Date: 2008-08-16 10:08:51

Andreas Klöckner wrote:
> Hi Thomas, all,
> Another point: when unifying over complex and real matrix properties
> (orthogonal/unitary, symmetric/hermitian), we should pick one, and
> stick to it. There's some inconsistency in there already: we use hegv,
> but orgqr. I'd suggest we stick to the 'real' terms (orthogonal,
> symmetric).
> Andreas

This is a good point, but we need to be careful here. Symmetric and
Hermitian are not the same in the complex case. For example, a complex
symmetric system is solved with sysv and a Hermitian complex system with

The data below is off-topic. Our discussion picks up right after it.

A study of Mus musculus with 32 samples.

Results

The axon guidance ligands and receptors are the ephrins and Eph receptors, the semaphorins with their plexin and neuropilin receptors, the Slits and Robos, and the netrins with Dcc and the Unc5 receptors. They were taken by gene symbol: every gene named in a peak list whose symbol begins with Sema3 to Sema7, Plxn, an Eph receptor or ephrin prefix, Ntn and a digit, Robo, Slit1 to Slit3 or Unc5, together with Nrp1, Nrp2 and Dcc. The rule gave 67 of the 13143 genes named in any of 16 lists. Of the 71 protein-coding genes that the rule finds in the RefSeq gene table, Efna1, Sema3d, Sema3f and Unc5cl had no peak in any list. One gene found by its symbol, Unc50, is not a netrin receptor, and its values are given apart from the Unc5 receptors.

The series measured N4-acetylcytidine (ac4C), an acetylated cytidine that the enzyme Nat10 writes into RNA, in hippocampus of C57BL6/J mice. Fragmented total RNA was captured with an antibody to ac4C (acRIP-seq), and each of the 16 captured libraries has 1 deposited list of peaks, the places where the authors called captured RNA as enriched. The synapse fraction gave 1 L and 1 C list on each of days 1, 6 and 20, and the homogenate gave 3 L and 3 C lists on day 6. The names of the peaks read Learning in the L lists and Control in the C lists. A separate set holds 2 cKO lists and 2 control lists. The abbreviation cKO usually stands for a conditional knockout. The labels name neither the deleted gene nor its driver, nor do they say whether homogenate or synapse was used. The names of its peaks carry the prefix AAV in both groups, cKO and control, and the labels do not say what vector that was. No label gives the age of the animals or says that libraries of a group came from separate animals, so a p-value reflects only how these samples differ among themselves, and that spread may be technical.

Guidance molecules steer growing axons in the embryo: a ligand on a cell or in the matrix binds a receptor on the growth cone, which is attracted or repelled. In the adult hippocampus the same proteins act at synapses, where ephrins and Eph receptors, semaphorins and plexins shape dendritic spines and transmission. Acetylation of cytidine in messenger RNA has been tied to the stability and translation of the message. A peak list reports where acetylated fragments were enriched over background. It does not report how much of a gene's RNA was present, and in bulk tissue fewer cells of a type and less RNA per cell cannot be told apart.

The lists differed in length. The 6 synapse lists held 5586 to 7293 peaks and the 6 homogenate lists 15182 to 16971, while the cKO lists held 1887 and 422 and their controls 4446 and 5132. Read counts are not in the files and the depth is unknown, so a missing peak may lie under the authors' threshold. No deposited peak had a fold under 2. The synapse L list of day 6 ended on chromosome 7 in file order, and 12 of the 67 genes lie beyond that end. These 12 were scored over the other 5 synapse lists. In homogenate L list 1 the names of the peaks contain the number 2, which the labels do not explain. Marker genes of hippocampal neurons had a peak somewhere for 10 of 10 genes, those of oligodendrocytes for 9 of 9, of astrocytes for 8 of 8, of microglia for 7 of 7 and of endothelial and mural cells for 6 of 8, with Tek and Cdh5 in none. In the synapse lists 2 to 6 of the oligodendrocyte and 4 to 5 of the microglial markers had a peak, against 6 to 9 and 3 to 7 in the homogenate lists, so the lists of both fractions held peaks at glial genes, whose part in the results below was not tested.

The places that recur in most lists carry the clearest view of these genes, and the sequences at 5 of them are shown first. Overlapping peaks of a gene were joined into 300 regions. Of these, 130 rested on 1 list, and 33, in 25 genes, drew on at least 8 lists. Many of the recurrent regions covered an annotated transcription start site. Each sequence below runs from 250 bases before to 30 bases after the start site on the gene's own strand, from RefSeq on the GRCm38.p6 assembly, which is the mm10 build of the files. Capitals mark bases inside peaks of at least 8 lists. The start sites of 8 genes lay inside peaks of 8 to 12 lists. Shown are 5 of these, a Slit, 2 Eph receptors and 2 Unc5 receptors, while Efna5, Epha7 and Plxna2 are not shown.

hesv. Both should be available.
Mathematically, zhesv (complex) corresponds to dsysv (real).

The name orgqr() does not mean anything in the complex case.

The same holds for the eigenvalue problem: Hermitian complex eigenvalue
problems behave like real symmetric problems.

There is some confusion about the name Hermitian outside the mathematics
world, but this is a weak argument for using wrong names. The same holds
for orthogonal and unitary.

One possibility that should please everyone is to have both names, but
in the complex case the symmetric function name might not exist (since
it mathematically does not make sense) or mean someting else than its
Hermitian brother.

For example syev() and heev() are the same for the real case, while for
the complex case there is only heev() (I do not think there is a complex
symmetric eigensolver in LAPACK.)

For linear systems, sysv() and hesv() are the same for the real case,
while they are something different for the complex case.